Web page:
When Larry Nance broke his hand in early November, I thought he could be out up to 2 months. Even an aggressive timeline said it could be 4-6 weeks. Turns out, a little over 3 weeks later, he’s set to return to the Lakers lineup when the Lakers play the Clippers tonight.
Nance’s return is a positive development, even though the Lakers have fared alright without him. In the 8 games Nance appeared in (including the one he broke his hand) the team went 3-5, while in the 11 he’s missed, the team went 5-6. Small samples aside, the Lakers have not missed a beat without Nance available. The team is mostly able to sustain an injury to a single big man due to depth at those spots. An injury on the wing would be more an issue, but that’s another topic for another day.
In any event, Nance isn’t just returning to game action, he’s likely returning to the starting lineup too.
First, I’ll disregard that “any” Luke threw out there since I’m sure if you pressed him he could find a reason or two for Kuzma to remain a starter. Moving beyond that, though, I think it’s worth actually digging into the numbers a bit to see why Luke would be so adamant about Nance getting his starting gig back.
In terms of lineup data, we actually have a decent sample of both the pre and post Nance injury starting groups (remember, KCP was suspended the first two games, so the Nance starting group only played in 6 games making their minute total smaller than it would have been otherwise):
*Ball, Caldwell-Pope, Ingram, Nance, Lopez: 100 minutes, Offensive Rating 98.6, Defensive Rating 99.5, Net Rating -0.9
*Ball, Caldwell-Pope, Ingram, Kuzma, Lopez: 216 minutes, Offensive Rating 99.6, Defensive Rating 101.9, Net Rating -2.3
These numbers reflect our preconceived notions of things, I think. The lineup with Nance is better on defense and worse on offense. That said, it’s how much the team is better/worse — or, more specifically, those net ratings — that I think makes this decision as easy at it is for Walton.
Basically, the Lakers defense is over 2 points per 100 possessions worse with Kuzma as the starter while their offense only improves by 1 point per 100 possessions. You can chalk this up to any number of variables, and this may not line up with our eye test or jibe with our understanding of how the Lakers would like to play, but the numbers are what they are.
Further, there is a domino effect of Kuzma moving back to the bench that we must account for. Two of the Lakers better lineups while Nance was available were bench units where Kuzma and Randle were flanked by some combination of Ingram, Clarkson, Ball, Brewer, and Hart. These lineups didn’t get huge minutes together, but when they did they performed well. And, the constant of these groups has been the Kuzma/Randle pairing.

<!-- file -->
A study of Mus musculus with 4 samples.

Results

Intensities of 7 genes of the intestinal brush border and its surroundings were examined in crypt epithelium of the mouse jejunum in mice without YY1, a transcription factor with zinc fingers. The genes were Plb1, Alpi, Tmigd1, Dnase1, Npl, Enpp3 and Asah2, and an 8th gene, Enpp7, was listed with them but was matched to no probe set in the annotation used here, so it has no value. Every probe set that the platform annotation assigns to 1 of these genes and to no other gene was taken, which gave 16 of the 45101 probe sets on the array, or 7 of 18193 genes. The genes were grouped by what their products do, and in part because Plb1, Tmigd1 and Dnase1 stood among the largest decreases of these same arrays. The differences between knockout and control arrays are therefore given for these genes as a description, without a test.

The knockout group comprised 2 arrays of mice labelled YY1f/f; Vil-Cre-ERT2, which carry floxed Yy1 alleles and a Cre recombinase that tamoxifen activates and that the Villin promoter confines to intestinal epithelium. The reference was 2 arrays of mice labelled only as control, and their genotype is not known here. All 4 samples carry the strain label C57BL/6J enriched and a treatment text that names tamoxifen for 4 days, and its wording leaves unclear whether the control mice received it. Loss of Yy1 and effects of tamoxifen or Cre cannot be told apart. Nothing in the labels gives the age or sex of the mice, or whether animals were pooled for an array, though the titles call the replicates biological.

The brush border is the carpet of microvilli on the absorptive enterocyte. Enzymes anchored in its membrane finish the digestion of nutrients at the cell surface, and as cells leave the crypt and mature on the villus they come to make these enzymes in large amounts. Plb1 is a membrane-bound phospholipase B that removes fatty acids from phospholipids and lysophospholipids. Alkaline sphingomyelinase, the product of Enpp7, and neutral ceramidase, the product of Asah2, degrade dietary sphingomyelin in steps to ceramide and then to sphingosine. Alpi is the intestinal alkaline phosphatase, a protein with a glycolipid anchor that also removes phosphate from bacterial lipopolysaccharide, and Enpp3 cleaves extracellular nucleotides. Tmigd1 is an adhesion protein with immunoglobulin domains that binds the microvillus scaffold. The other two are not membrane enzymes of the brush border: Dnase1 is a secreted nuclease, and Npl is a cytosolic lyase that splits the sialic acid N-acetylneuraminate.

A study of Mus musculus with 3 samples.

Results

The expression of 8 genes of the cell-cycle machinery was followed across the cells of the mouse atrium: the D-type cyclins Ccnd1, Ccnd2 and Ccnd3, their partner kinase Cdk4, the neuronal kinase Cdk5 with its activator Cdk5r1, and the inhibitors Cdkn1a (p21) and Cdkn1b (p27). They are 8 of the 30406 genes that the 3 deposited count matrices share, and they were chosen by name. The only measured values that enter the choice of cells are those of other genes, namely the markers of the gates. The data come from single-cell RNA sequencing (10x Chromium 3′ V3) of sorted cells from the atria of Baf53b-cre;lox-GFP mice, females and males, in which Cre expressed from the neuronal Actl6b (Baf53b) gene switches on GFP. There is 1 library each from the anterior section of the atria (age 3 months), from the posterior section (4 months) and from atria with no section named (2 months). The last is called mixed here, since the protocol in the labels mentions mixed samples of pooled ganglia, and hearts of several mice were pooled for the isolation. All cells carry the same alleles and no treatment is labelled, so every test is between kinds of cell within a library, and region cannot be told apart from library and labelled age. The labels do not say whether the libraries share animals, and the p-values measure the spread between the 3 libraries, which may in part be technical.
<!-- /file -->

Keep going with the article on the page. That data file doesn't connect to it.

For the season, in the 284 minutes Randle and Kuzma have shared the court, the Lakers have an offensive rating of 104.2, the best mark of any two-man pairing that has played more than 150 minutes together. For a team that’s so hard up for scoring, finding groups that can put up these types of numbers over larger samples is incredibly important. The Lakers defense does drop off with this pairing as well (104.5 defensive rating), but I think Walton is willing to gamble on his bench units getting needed stops over the long haul.
Now, I don’t think all of this is cut and dry in either direction. I’d be fine with Kuzma remaining a starter and Nance finding his way from a bench role. I will say, though, that I am less convinced the Randle/Nance pairing can be successful long term as I was a year ago at this time. There is also mounting evidence that Nance will play his best when paired with Lopez specifically and more generally with the first 5, instead of as a reserve.
And this leads me to my last point in all this: if we’re discussing things that matter to me when it comes to lineups and rotations, I’d offer these rankings:
- What lineups play well together and how much those lineups actually see the floor.
- How does flow of the game and Walton’s feel for the action dictate the substitution patterns which impact these lineups.
- Who closes games.
- Who starts.
Basically, I want the groups that play well together on the floor the most and I want Walton’s substitution patterns and game management building towards optimizing these lineups’ time together. Then, I want the team to find fairly consistent closing groups that can go win the team games. Next, I’ll worry about who starts because if those other things take precedence, then I will be fine.
This isn’t to say who starts should be disregarded or that it doesn’t matter. That first 5 will get at least two shifts together each game and is tasked with ensuring the team doesn’t dig a hole at the beginning of each half. That said, the starting group with Nance was actually fine and there are ways to build a rotation and viable lineup combos off that starting group to ensure you’re maximizing your best groups over the course of the game.
If Walton is going to decide Nance is going to start — which is totally defensible — he must also ensure he’s building out the rest of the rotation to be as competitive as possible.